Looking Back on Capitol Hill
A Series of Historical Vignettes by Nancy Metzger
One of the parochial schools that became a public charter school this summer is the Holy Comforter-St. Cyprian School at East Capitol and 14th Streets, SE. Perhaps some Capitol Hill residents were puzzled by the name ‘St. Cyprian,’ since both the church and the school were torn down in the 1960s when the Catholic Diocese combined the congregation with that of Holy Comforter Church and sold both buildings to developer Barrett Linde, who constructed rowhouses on the sites.
When institutions are merged and properties demolished, it is sometimes difficult to find a trace of their former existence except for perhaps a plaque marking the spot, some photographs, and individual memories and stories. Indeed there is a plaque in a small triangular park in front of where the handsome stone church once stood at 12th and C Streets, SE. There are undoubtedly many photos of the church, but one of the best—a 1949 photograph of the choir boys in their robes entering the church—is in the Wymer collection at the Washington Historical Society. And many Capitol Hill residents have their own memories of the church, which began in 1893 as an all-black congregation for those who felt less-than-wholly accepted at other neighborhood parishes.
St. Cyprian’s School and Convent stood four blocks west of the church, at Eighth and C Streets, SE, across from the Hine School playground. The Atkins family, long associated with St. Cyprian’s Church, gave that land for a Catholic School for black children. There is no plaque marking the school’s existence, but a magnificent oak tree protected by a low stone wall remains in the alley, behind the 1960s rowhouses, an amazing survivor that sheltered the school and convent.
The memories come from Helen Ogle Atkins, who married into the Atkins family in 1935 and lived at 823 C Street, SE, one of a series of houses owned by her mother-in-law, Marion Atkins. Helen Atkins’s husband worked in the Post Office at night and in real estate during the day, and his parents had a stall at Eastern Market. In a 2005 interview for the Overbeck Oral History Project, Helen Atkins, then 97, talked with Pat Driscoll about her life on Capitol Hill, her love of theater, the difficulties of living in segregated Washington, and her career teaching in DC public schools:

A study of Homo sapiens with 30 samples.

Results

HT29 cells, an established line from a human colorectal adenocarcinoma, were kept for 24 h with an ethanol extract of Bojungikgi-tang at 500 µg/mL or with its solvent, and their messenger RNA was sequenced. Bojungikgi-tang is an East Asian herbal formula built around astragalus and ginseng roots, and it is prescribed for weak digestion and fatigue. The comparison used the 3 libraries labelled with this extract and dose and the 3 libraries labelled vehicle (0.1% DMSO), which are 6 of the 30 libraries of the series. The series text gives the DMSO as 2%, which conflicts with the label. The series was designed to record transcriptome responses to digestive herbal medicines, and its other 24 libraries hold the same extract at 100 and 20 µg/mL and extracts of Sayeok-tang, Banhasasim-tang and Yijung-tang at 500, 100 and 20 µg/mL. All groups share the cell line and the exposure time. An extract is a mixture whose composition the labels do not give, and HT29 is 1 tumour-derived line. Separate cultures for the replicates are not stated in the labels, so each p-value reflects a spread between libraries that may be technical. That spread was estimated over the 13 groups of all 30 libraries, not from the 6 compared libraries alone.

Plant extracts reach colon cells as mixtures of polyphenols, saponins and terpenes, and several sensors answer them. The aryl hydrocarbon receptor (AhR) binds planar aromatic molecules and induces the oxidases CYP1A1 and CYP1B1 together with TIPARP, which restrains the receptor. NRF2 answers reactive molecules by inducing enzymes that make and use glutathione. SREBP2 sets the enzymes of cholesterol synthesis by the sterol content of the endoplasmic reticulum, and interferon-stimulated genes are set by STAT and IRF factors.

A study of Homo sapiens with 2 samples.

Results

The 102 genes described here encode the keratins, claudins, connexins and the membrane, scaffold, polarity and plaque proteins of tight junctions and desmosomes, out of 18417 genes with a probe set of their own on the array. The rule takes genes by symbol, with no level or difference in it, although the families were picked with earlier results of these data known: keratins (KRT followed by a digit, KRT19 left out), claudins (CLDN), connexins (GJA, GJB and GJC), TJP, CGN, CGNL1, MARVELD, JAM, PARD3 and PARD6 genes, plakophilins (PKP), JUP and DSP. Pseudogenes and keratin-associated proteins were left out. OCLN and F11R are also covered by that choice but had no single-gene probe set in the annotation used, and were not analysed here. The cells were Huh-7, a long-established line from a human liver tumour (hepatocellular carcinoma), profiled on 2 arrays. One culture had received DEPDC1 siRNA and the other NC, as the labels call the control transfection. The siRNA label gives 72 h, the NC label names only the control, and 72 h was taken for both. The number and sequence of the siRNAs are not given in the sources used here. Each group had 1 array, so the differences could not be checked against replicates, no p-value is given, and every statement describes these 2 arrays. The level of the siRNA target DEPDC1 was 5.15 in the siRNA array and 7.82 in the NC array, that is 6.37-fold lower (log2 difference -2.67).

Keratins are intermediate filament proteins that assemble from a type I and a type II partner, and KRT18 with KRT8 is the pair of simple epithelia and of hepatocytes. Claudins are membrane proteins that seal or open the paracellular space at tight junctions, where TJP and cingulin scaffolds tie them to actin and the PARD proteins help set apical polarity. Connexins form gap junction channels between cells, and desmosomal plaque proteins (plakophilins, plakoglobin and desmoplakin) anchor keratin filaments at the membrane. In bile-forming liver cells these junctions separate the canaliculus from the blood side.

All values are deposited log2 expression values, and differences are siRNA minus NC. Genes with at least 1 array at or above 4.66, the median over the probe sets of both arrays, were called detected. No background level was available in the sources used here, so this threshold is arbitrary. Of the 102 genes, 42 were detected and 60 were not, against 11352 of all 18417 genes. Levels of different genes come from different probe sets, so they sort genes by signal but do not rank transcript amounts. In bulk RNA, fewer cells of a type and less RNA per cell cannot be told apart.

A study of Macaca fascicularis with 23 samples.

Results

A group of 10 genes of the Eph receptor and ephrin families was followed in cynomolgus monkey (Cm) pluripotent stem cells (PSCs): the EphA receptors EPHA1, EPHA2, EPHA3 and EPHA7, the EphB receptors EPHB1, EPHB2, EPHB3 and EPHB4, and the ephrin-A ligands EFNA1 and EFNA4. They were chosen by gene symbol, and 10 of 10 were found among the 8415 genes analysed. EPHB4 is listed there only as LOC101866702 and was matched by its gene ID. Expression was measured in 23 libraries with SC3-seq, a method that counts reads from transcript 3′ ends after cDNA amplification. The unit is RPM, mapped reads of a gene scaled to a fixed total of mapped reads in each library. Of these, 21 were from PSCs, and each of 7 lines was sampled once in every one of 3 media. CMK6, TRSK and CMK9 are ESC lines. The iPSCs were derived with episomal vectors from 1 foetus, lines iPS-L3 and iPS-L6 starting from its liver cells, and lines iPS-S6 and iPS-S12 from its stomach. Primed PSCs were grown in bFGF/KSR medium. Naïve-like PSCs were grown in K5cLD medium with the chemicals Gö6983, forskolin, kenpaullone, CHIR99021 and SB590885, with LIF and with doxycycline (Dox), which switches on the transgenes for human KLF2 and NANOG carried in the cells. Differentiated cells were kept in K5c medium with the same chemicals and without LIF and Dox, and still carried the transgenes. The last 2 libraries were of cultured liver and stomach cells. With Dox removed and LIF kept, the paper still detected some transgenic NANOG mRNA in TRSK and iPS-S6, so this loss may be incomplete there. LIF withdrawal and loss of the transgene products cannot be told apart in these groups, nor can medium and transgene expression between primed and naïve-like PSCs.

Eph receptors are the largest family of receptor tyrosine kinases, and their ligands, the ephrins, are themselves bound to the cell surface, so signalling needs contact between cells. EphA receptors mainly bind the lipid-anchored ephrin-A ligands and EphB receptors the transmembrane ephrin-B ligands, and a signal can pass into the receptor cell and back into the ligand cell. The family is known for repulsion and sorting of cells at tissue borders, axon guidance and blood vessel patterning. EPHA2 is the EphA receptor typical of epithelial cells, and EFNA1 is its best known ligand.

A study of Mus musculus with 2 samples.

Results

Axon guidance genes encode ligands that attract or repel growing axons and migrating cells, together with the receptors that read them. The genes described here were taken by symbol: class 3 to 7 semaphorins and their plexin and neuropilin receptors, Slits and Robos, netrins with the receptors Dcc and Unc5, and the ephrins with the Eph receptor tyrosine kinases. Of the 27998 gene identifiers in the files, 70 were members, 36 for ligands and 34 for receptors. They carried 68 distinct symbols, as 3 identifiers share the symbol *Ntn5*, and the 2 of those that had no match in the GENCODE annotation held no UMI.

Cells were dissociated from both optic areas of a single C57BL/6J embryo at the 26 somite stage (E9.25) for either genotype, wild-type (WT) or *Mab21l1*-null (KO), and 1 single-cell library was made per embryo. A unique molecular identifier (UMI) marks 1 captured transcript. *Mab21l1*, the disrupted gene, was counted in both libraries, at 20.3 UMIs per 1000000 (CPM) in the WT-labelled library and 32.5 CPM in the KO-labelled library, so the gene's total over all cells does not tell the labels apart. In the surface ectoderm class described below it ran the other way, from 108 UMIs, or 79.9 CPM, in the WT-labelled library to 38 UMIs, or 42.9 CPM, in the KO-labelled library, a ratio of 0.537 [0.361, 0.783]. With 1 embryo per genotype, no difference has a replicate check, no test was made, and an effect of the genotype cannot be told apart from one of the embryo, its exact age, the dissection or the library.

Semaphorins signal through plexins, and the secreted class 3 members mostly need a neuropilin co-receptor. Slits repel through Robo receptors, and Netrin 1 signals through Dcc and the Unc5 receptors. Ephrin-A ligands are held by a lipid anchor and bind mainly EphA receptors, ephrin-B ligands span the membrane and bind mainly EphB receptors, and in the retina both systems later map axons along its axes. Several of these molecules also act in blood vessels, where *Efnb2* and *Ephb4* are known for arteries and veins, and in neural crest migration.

ATKINS: You know about St. Cyprian’s? … It was a lovely church at night. My mother-in-law. She was a big worker in that …the Atkins people did a lot, they put in a lot of money. They gave all to the Blessed Virgin and they gave property for the school. …The Atkins family gave the land for a school for colored children, that didn’t have any, a Catholic school for colored children. They gave the land with their family homestead on it.
DRISCOLL: When did they homestead?
ATKINS: I don’t know. It was before my time. …When I got there, they had already given it, you know. …
DRISCOLL: How did the family feel then when the Archdiocese sold it?
ATKINS: [The Bishop] came in and told her that he was going to sell it. Was nothing that she could say or do. …I think she was hurt. …
DRISCOLL: I sure would be…. And there was a wonderful old tree. I don’t know what kind of tree it was, but it was a great big tree in the St. Cyprian courtyard, in back.
The complete interview with Helen Atkins can be found at www.capitolhillhistory.org. An interview with Georgiana Barnes by Sharon House, on the same website, tells more of the story of St. Cyprian’s School.